OVERLAND PARK, KAN-Fort Dodge Animal Health is calling for an expeditious independent review of its injectable heartworm preventive Proheart 6, which was a casualty in a voluntary recall by the Food and Drug Administration (FDA).
OVERLAND PARK, KAN—Fort Dodge Animal Health is calling for an expeditious independent review of its injectable heartworm preventive Proheart 6, which was a casualty in a voluntary recall by the Food and Drug Administration (FDA).
The company is also challenging FDA's decision to recall, saying it was based on "erroneous conclusions" regarding the drug's safety.
As part of the recall deal between FDA and Fort Dodge, an independent advisory panel will be created to scientifically evaluate the safety profile of the product before it can be reintroduced into the market.
Fort Dodge states it has "concerns about how the agency interpreted these complex data" in the events that led up to the recall decision. The company adds in a prepared statement that it "fully supports the initiation of this review process, and will work closely with FDA to provide any necessary information for the panel to make a fair and accurate assessment of these data."
Fort Dodge stands behind the safety of its product, and plans are underway to reintroduce the product once these questions are resolved with FDA.
Dr. Stephen Sundlof, director of FDA's Center for Veterinary Medicine, says: "This was the first product administered once every six months, which has some good advantages for compliance. We started seeing some adverse reactions that we did not see in the preclinical studies."
"We don't understand why this drug is causing some of these problems," Sundlof says. "Until we can understand that better and develop ways to reduce adverse events, we thought it is important to not expose any more dogs to this product."
At presstime, FDA had not yet released advisory panel members, or a timeline for the panel review.
DVM Newsmagazine has learned the panel will not be coordinated through the American Veterinary Medical Association (AVMA), although some of its members may be asked to serve in the review, the association reports. AVMA is taking a neutral position on the recall. Sharon Granskog, AVMA's assistant director of communications says: "We are Switzerland on this. We are waiting to see what the science bears."
Dr. Rami Cobb, vice president of pharmaceutical research and development for Fort Dodge tells DVM Newsmagazine, "We agreed to do a voluntary recall if we could get an independent evaluation because we are on record stating that erroneous conclusions have been made by FDA. We believe the science does not support the conclusions they have come up with, and we do want an independent scientific evaluation."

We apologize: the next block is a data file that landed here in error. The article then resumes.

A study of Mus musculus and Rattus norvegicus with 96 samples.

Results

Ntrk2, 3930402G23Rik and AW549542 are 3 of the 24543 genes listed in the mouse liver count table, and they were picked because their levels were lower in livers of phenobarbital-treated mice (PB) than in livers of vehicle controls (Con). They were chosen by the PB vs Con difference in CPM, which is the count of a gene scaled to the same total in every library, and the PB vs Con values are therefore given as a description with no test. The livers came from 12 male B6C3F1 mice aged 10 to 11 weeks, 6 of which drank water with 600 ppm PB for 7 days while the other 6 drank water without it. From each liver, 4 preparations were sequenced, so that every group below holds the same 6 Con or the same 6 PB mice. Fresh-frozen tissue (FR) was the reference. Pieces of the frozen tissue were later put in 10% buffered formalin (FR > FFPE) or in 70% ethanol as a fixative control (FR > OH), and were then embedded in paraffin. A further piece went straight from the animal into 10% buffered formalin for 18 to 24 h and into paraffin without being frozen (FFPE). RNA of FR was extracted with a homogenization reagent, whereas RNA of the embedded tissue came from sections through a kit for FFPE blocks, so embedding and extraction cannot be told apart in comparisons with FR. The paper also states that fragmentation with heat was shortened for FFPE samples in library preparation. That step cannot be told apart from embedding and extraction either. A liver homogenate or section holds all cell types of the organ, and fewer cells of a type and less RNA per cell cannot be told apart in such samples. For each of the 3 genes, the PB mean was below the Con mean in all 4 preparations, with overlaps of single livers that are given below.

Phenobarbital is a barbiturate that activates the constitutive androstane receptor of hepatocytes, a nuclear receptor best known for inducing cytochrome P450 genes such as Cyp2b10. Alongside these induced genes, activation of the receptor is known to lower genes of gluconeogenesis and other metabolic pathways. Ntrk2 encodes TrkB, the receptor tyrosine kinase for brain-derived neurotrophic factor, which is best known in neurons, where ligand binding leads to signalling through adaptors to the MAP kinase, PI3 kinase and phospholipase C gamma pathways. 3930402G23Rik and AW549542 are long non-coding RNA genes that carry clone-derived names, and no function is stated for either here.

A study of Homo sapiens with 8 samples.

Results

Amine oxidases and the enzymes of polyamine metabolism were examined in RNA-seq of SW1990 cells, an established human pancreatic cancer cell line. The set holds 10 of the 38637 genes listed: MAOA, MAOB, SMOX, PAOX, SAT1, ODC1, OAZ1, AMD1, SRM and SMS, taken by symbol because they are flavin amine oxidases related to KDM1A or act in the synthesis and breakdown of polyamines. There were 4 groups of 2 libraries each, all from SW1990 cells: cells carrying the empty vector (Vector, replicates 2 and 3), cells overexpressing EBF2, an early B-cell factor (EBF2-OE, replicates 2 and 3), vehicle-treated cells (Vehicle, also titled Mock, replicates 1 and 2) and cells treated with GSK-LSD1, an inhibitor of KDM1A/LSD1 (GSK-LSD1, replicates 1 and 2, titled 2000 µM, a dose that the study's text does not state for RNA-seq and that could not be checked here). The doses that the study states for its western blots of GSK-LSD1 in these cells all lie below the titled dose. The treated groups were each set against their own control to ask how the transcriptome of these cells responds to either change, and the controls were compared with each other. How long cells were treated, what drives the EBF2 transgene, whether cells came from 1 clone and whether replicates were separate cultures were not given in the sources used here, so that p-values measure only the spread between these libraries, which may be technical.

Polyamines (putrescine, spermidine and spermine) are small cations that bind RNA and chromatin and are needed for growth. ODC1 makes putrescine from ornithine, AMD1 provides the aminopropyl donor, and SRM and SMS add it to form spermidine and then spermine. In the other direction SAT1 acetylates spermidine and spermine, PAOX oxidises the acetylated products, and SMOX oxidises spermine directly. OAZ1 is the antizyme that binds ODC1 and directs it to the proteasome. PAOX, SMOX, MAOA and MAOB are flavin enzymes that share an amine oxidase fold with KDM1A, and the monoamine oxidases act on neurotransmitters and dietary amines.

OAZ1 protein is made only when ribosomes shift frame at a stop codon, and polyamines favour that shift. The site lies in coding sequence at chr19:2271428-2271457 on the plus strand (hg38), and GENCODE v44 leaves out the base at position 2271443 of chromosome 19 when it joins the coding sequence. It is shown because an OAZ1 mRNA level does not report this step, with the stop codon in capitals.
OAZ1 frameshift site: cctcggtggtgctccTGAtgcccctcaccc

Cobb adds that Fort Dodge will be pushing to make the review an expeditious process. "We do not want this to drag on for a long period of time. We believe we have plenty of information to validate the safety of this product," she says.
Cobb could not yet estimate the amount of product existing in the field, nor could she estimate the company's cost to conduct a recall of this magnitude.
Proheart 6 is also approved in Europe and Australia. Following news of the FDA recall, the pharmacovigilance committees in these other countries were alerted to FDA concerns. No other countries have opted to recall the product in these other markets, Cobb adds.
Fort Dodge also contends that the adverse reactions reported still fall within acceptable standards. The company is reporting an adverse event rate of four per every 10,000 doses administered.
Adverse events reported to FDA totaled 5,552, which was reported widely by the national news media. Sundlof says adverse events resulting in death, which was reported at 500, likely are much lower because many other factors must be weighed and investigated to determine whether it truly can be attributed to the product or other causes. He says there is low probability that the majority of those reports were a result of product use. However, FDA contends that the overall adverse event reports are likely under reported simply because not all adverse events are called into the manufacturer.
Fort Dodge believes that its data of approximately three unfiltered reports for each 10,000 doses sold and independent data of four reports per 10,000 doses administered is an accurate reflection on what is happening in the field.
Everyone agrees that most adverse events reported with the use of the drug were mild. However, the quantity and severity of some of the reported adverse events weighed in FDA's decision to investigate further, the company says.
Cobb adds, "The saddest part of this whole situation is the most vulnerable group and the ones that will suffer the most are the dogs."For more information go to www.proheart6.com or to www.fda.gov/cvm.